Review: X-3

As a lifelong X-Men fan, I was of two minds while watching X-Men: The Last Stand. One part enjoyed seeing these actors once again embody these characters. If there's one thing that this trilogy has gotten right, it is casting. The other half of my brain, as a knowledgeable film fan, couldn't understand why the filmmakers were unwilling to rely on that strength. The movie sets itself on a collision course early and races through even token attempts to explore these characters in an effort to get to the big fights. The actors are then left to make the most of incredibly limited dialogue and often screen time.

All the same, there are some great smile inducing moments, from simply Kelsey Grammar's presence as Beast (and his line upon seeing the chaos Magneto has wrought) to seeing Kitty Pride's knack for outsmarting her adversaries. The action is entertaining and occasionally ingenious (as when we see how Pyro's talents complement Magneto's).

Still, I'm a bit disappointed in what I see as wasted potential. So much effort seems to have gone into working out the logistics of moving so many characters around the screen and stuffing so much plot into an hour and a half that the connective tissue was left out, to the point that actors are often barely able to get their lines out before the film cuts to another scene. It would have been nice to see not only more character but also a full consideration of the ramifications of the plot, both as an allegory and as it directly affected the world of these films.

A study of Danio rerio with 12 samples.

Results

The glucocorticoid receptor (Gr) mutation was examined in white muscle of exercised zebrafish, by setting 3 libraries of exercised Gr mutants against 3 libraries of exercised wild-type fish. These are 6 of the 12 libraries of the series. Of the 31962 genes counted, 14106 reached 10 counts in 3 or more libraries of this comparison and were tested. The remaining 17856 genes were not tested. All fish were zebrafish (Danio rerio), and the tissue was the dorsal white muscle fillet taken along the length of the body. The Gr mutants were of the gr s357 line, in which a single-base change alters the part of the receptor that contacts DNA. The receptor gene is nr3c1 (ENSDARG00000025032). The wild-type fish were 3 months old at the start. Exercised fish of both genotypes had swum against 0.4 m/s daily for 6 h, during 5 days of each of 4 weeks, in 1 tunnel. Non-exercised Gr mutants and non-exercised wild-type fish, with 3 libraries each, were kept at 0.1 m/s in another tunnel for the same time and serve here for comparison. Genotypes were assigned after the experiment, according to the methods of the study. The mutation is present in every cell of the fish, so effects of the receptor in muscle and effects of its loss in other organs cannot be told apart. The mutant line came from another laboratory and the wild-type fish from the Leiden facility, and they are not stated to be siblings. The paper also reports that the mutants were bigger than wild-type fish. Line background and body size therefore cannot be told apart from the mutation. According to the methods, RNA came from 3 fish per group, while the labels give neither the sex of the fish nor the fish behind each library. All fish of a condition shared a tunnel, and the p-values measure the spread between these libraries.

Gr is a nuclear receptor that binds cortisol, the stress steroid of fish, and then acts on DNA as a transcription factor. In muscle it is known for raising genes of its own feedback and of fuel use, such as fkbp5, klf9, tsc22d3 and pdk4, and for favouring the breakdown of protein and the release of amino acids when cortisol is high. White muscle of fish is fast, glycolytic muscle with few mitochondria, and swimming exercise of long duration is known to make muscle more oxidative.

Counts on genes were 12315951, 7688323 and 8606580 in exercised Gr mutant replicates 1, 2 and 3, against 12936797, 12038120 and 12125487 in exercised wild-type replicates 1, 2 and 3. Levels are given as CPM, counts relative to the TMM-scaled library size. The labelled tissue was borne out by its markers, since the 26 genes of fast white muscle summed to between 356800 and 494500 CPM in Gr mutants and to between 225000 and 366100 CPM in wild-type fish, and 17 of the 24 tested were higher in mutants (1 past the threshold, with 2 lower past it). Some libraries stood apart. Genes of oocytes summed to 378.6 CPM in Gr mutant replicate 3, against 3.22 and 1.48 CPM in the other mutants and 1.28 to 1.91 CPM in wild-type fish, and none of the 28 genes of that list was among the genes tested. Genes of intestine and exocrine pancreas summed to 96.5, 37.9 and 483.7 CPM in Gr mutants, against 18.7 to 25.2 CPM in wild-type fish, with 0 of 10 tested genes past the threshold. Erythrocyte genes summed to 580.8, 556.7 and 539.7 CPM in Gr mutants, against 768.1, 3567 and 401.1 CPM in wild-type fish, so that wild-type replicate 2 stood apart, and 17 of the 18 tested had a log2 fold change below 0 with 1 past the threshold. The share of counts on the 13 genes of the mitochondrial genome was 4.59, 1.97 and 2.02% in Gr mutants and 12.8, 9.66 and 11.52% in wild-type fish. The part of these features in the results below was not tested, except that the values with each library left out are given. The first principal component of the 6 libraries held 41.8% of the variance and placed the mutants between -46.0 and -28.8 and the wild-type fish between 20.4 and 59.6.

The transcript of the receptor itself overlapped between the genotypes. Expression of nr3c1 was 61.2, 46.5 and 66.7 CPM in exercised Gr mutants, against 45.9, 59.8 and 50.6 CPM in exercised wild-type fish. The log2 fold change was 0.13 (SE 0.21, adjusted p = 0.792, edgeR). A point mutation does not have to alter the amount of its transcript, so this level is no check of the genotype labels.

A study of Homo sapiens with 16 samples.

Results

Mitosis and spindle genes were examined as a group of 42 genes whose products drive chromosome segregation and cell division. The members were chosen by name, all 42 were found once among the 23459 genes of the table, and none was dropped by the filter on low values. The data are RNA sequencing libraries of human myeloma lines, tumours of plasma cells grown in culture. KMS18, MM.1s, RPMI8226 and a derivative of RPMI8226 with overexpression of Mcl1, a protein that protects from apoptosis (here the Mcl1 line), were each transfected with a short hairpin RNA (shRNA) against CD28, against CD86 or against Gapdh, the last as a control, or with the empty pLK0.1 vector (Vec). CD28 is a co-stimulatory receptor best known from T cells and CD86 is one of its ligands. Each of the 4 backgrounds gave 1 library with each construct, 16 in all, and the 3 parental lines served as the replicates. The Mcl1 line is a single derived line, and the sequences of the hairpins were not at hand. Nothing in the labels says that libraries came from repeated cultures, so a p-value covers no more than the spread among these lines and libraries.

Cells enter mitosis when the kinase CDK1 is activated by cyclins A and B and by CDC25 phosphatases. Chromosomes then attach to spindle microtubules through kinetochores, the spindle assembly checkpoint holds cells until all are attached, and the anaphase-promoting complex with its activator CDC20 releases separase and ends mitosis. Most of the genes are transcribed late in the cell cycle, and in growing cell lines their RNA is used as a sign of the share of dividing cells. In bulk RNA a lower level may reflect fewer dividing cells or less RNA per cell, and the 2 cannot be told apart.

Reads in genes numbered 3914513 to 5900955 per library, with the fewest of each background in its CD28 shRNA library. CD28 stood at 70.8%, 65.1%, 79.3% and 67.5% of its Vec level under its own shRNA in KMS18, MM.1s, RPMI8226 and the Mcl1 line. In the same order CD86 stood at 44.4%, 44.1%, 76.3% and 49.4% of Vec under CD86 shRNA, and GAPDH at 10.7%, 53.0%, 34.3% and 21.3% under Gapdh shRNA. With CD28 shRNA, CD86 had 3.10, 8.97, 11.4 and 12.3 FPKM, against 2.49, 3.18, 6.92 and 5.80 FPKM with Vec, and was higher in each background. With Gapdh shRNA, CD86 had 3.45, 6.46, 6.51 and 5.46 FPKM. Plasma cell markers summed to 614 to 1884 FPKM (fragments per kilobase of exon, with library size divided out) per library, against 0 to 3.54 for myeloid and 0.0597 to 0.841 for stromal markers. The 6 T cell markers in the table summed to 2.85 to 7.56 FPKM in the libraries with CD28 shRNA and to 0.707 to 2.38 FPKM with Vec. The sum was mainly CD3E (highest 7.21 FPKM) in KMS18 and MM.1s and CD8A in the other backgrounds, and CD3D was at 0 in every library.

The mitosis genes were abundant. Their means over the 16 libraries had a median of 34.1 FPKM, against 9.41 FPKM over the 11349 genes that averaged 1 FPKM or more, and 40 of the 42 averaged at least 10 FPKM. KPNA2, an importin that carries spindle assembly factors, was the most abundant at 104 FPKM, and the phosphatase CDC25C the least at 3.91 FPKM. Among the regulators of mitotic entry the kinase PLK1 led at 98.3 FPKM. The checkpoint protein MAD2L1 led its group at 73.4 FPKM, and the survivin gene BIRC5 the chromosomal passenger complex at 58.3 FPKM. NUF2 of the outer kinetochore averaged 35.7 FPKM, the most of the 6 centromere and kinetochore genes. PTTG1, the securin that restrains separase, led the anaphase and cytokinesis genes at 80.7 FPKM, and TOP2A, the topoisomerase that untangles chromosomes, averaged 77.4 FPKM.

Instead we get a massive, entertaining battle scene that ends the story by distracting the audience and hoping we don't remember to ask questions (although Whedon did much the same thing in the original Cure storyline). It's not exactly a satisfying end to this film, let alone the entire trilogy. Still, as the film ends it seems as though the filmmakers follow the example of the comics and press the reset button, allowing a follow-up movie to include just about every character that survived the film (and couple that didn't). Except of course, for my favorite character in comics since the age of 10.

Ultimately this film mirrors a period in the comics that I like to refer to as the interregnum -- that period toward the end of Claremont's run until Morrison took over wherein certain bright spots did appear, but the majority of X-Men comics were on cruise control. It's a shame, though, that two of the best X-stories ever were stuffed in the trunk.

But when the line in the movie that gets the best reaction is a reference to an internet video, you realize something's missing.